In my musical explorations over the last week I came across a lot of new black metal that I wanted to recommend. To make the rollout of the music a little more easily digestible, I divided the collection into two parts, with the music listed in alphabetical order by band name, continuing from Part 1 (here) into this second part. As usual for these posts, there are some significant stylistic differences in the sounds, despite the connections (either spiritual or otherwise) that all the music has to the ever-expanding genre of black metal.
Part 1 of this collection included new music by Havukruunu, and we return to Finland for this next song, which will appear on the forthcoming fifth album by Lathspell. Entitled Thorn Cold Void, it’s due for release later this month by Wolfspell Records and Patologian Laboratorio Productions. Though Lathspell have been in existence for almost two decades, this song is the first piece of their music that I’ve heard, so I can’t give you a comparison to their previous works. But just considering it as a stand-alone song, it’s powerful stuff.
“Beneath the Flaming Earth” lasts for 11 1/2 minutes. The opening interplay of guitar and bass hooked me immediately, and then I stayed rooted in place when the ripping, tearing, and blasting began. The high, swirling central melody in the song’s opening minutes is a very catchy one, matched in its serpentine intensity by the vocals, which are acidic enough to melt lead. The high-powered drumming and pulsing bass work are just as magnetic in their appeal, pushing the music further into the red zone.
But this is a long song, and predictably, it changes course to avoid overstaying its welcome; the band occasionally pull back from the blistering tempo and also spin out interesting variations on that core melodic theme. Yet it’s an unrelentingly dramatic piece of music, both dark and majestic, that proves to be gripping from start to finish. A fine appetizer for the full course of Thorn Cold Void.
Afrodisiacum der Vroomheid is the name of the debut EP by this Dutch band, to be released by Heidens Hart Records. I haven’t found much information about the band, but I’m very taken with the first track that’s now available for streaming from the EP.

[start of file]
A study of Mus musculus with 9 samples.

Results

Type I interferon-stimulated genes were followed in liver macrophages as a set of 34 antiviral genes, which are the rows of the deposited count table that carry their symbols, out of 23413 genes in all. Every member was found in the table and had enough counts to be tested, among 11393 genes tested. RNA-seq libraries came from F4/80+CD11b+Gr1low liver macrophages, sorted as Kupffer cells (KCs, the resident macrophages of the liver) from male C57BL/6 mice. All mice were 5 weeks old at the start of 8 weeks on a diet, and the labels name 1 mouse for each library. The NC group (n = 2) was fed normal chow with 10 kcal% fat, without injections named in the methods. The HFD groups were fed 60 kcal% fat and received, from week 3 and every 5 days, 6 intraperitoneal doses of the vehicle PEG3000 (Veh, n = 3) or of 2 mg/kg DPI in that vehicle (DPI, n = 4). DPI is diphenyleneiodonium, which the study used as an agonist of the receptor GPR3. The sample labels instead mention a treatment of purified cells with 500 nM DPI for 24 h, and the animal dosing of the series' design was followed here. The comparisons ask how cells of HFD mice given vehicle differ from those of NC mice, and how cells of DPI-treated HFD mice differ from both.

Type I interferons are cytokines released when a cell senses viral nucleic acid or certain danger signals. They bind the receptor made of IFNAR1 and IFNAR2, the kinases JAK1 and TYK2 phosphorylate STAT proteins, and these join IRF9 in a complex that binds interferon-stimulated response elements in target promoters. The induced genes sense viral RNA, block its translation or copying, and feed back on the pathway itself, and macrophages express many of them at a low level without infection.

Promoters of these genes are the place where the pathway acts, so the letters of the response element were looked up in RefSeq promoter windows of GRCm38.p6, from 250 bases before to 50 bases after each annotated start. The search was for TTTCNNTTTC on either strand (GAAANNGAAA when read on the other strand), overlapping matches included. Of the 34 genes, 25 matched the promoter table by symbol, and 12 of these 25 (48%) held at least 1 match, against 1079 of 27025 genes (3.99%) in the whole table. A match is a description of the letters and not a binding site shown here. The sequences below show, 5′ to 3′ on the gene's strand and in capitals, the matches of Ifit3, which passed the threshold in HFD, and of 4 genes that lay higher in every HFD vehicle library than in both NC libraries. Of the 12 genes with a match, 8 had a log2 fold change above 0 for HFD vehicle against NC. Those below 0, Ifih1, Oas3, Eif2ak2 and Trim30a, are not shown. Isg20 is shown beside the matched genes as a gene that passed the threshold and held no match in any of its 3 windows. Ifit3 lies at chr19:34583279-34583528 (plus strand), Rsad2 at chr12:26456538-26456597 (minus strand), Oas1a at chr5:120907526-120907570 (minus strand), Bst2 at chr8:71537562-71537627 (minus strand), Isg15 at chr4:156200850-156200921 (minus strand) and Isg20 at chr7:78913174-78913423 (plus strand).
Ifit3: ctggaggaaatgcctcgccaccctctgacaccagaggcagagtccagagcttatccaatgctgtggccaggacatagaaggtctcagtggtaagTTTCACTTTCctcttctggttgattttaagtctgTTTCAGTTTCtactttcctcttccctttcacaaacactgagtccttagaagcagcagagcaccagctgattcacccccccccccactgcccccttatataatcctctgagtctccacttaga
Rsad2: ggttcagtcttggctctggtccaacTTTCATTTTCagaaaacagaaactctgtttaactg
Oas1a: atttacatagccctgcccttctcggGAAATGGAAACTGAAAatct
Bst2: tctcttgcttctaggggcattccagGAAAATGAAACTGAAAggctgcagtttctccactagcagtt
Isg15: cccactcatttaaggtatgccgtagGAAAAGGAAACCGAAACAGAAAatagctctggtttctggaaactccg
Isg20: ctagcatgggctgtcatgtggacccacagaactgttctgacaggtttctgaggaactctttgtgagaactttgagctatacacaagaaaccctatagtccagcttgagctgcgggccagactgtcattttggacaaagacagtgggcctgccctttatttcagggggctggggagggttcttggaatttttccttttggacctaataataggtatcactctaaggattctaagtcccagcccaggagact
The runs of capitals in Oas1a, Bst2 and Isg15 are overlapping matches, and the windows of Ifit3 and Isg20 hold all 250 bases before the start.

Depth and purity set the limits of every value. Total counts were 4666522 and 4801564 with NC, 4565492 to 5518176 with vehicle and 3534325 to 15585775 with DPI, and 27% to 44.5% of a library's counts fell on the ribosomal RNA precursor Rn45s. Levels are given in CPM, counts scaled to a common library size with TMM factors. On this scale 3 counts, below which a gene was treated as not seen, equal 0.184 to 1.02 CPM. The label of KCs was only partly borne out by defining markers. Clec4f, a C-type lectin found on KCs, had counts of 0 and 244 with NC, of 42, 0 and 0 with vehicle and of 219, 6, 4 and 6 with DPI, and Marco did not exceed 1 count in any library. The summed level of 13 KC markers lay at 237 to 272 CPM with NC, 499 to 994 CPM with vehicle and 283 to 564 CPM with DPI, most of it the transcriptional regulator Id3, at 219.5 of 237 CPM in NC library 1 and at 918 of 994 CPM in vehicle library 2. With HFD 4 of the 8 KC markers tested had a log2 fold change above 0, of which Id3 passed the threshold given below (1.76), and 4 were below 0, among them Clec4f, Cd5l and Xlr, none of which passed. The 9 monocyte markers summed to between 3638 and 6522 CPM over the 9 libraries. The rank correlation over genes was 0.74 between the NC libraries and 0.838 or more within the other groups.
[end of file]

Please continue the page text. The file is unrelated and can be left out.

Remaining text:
The song’s name is “Prodigious fascination of enshrouded darkness”. Like the preceding song in this collection, it’s blessed with a great central riff that gets its hooks in your head without delay, as well as a varying drum performance that only intensifies the music’s hold. And while the song is searing in its intensity, with vocals that spawn images of a man being garroted and skinned alive at the same time, there’s also an epic, heart-bursting grandeur to the music. Very anxious to hear the rest of this EP!
Seventh Xul was a short-lived Greek project with only one release to its name, a two-song offering named Qliphotic Rites of Death that was circulated in scarce quantities back in 2010. It is now being reissued by Iron Bonehead Productions as a 7″ vinyl, and it caught my attention immediately once I learned about the members of Seventh Xul: The participants were vocalist Acherontas V.Priest of Acherontas (and many other projects) and guitarist/bassist N.E.C.R.O (Burial Hordes, Enshadowed, etc.), with session drumming by Fotis Benardo (Necromantia, ex-Septicflesh).
The A-side track from this release, “Sitra Ahra”, is now publicly available for listening, though I’ll tell you something about the second song as well. Both of them combine elements of death metal and black metal with great success.
“Sitra Ahra” meshes together deep, jagged, earth-trembling chords, sinister tremolo vibrations, and lead melodies that are unearthly and draconic. The music is at times a swarming tornado of violence, and at other times an ominous march, and the vocal expressions of Acherontas V. Priest are even more varied, ranging from infernal whispers to inflamed howls of passion.
The introduction of the B-side song “Serpent’s Divinity” immediately establishes a supernatural atmosphere, but the music soon grows in power, driven by a riveting drum progression and a deep, grinding/swirling riff. The song again displays a lot of dynamism, sometimes groaning like anchor chains of doom dragging across a cavern floor, at other times jabbing like viper strikes or attacking like a threshing machine with a predatory mind of its own. And while the music is undeniably perilous and predatory in its atmosphere, there is a grim grandeur in the melodies, as befit’s the song’s title.
Qliphothic Rites of Death will be released on the 27th of May.
South Africa’s Wildernessking have long been favorites at our site, and thus we were excited to learn about the release last week of the band’s new two-song EP, Levitate.
“Light” is slow and stately and does indeed glimmer with rays of musical brightness thanks to an entrancing keyboard and guitar melody that wafts above the deep rumbling of the bass and drum, as well as the high, clean, ethereal vocals. It’s true that you don’t get any hints of black metal influence until near the end, when the music becomes more intense, but it’s such a beautiful song that I couldn’t overlook it.
The second track, “Birth”, makes for a good contrast. It rocks harder, propelled by a heavy dose of double-bass thunder and blast-beat flurries as well as waves of tremolo melody, and the vocals are predominantly of the flesh-eating kind. But although the music is darker and more anguished, the melodies are still moving and memorable.